If your loved one is struggling with heroin addiction and you’re wondering how to confront them and get them help, there are several things you should know first. By knowing what heroin is, what the signs of heroin use are, and how to confront a heroin addict, you can help determine the type of treatment they need.
Contact Impact Wellness Network to access our comprehensive group of addiction treatment centers focused on providing care to every individual.
What Is Heroin?
Derived from the Asian poppy plants naturally occurring morphine, heroin is an addictive pain killer identified as a narcotic or opioid. Heroin’s pain-killing properties were once harnessed by doctors and physicians until they determined that it was also extremely addictive.
This addictive opioid has since become an illegal narcotic. However, the number of people using heroin in the United States annually is well over 1 million users with approximately 18,000 overdose deaths per year.
While a heroin high may create a “rush” or euphoric high, use can also cause dry mouth, a warm flushing of the skin, heavy feeling in the arms and legs, nausea and vomiting, severe itching, clouded mental functioning, and going on “the nod” between consciousness and semiconsciousness.
But addiction is so much more than just occasional use. Heroin addicts struggle with frequent, chronic use, overdose, and mental and behavioral changes.
What Are the Signs My Loved One Is a Heroin Addict?
If you are worried about your loved one, it is important to understand the signs and symptoms of use, chronic use, and overdose. Knowing these signs and symptoms can help save their life.
Repeated, chronic use can create the following negative side effects:
- Collapsed veins for people who inject the drug
- Damaged tissue inside the nose for people who sniff or snort it
- Infection of the heart lining and valves
- Abscesses (swollen tissue filled with pus)
- Constipation and stomach cramping
- Liver and kidney disease
- Lung complications, including pneumonia
- Mental disorders such as depression and antisocial personality disorder
- Sexual dysfunction for men
- Irregular menstrual cycles for women
Finally, it is important to know that individuals overdosing on heroin will often experience hypoxia. This means that their breathing has slowed or stopped to the point that their brain is not receiving oxygen. This can lead to coma, permanent brain damage, and death.
A heroin addict may also lie or steal to get money for drugs. You may notice significant changes in their social group or close relationships, changes in personal hygiene, and changes in performance and attendance at work and school.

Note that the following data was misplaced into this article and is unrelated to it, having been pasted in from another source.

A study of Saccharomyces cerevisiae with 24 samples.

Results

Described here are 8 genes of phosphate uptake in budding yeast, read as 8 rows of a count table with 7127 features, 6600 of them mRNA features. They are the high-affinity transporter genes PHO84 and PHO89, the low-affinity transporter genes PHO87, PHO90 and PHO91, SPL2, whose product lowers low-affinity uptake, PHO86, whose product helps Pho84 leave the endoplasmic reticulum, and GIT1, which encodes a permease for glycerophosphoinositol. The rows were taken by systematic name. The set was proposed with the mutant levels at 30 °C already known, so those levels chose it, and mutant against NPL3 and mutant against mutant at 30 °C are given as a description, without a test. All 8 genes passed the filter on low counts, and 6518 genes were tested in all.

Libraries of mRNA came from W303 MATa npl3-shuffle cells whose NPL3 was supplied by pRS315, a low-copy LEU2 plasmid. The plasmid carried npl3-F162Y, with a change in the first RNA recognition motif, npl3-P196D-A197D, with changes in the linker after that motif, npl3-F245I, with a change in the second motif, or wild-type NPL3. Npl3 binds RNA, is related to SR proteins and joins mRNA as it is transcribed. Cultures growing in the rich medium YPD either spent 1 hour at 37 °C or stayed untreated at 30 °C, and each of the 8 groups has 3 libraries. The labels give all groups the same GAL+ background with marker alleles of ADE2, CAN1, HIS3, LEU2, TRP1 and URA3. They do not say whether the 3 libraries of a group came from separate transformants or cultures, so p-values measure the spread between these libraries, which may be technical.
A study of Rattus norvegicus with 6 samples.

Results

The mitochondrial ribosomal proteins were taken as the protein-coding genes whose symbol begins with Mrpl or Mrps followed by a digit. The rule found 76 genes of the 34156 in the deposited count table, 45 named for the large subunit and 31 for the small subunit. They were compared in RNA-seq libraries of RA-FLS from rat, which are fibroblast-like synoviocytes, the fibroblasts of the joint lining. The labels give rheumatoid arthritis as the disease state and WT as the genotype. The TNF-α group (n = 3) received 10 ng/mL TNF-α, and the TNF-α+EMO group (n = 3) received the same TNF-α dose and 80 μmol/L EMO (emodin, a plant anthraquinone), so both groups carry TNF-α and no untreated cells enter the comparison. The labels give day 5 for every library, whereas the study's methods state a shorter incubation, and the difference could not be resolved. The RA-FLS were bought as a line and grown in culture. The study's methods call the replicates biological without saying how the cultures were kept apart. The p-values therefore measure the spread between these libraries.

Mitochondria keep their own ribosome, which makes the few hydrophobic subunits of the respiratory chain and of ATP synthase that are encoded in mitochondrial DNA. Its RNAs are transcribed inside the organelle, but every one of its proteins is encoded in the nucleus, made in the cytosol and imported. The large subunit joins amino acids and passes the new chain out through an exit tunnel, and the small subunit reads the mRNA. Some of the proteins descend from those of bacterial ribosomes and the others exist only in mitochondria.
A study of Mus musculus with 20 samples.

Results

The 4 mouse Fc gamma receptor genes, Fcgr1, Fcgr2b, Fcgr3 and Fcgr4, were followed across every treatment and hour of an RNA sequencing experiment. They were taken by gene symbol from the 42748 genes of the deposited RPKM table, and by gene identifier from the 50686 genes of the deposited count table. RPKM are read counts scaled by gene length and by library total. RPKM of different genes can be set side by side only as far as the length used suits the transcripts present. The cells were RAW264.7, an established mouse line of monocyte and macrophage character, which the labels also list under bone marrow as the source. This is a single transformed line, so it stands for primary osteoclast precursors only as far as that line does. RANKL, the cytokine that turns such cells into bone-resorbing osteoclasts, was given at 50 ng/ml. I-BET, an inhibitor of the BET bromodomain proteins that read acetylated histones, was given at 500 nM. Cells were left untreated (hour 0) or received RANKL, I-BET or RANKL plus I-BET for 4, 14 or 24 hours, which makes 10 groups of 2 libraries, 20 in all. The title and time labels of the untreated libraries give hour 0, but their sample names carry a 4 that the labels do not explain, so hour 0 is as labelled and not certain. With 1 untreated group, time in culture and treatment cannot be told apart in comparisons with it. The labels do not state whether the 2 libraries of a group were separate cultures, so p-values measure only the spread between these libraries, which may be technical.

The combination of the physical and behavioral changes can indicate the need for addiction treatment. But how do you get them help?
How to Confront a Heroin Addict
Confronting someone, especially someone you love, about drugs is not an easy task, but you can do it. There are several steps that go into an intervention process.
- Gather information
- Speak with your loved one/have them speak with a medical professional
- Give them the information
The first stage of how to confront a heroin addict is gathering information. By knowing the facts about drug use, statistics about heroin overdose rates, and finding several treatment centers that you think could be supportive for your loved one, you can provide them with a thorough plan and options for recovery.
The second stage of how to confront a heroin addict is actually speaking with them or having a medical professional speak with them. When speaking to your loved one about their drug use, remember to use “I” statements. When you say things like, “I love you. I am worried about you.” That puts your ownness on yourself and doesn’t place blame on the other person. This is not a time for negotiation, blame, or an argument.
The last stage of how to confront a heroin addict is giving them the information they need to be successful. In the first stage of gathering information, you collected information about treatment centers that might be supportive for your loved one. Provide them with this information and their contact information so they can access addiction treatment.
Remember that they might not be receptive, but this has nothing to do with you. Your loved one needs to make the decision to get clean for themselves. All you can do is provide the information to get them there.
How To Get a Heroin Addict Help
Through Impact Wellness Network, our group of high-quality addiction treatment centers can provide the addiction treatment your loved ones needs to live their lives sober.
Contact us today to speak with a professional about which of our treatment centers can best fit your loved one’s addiction treatment needs.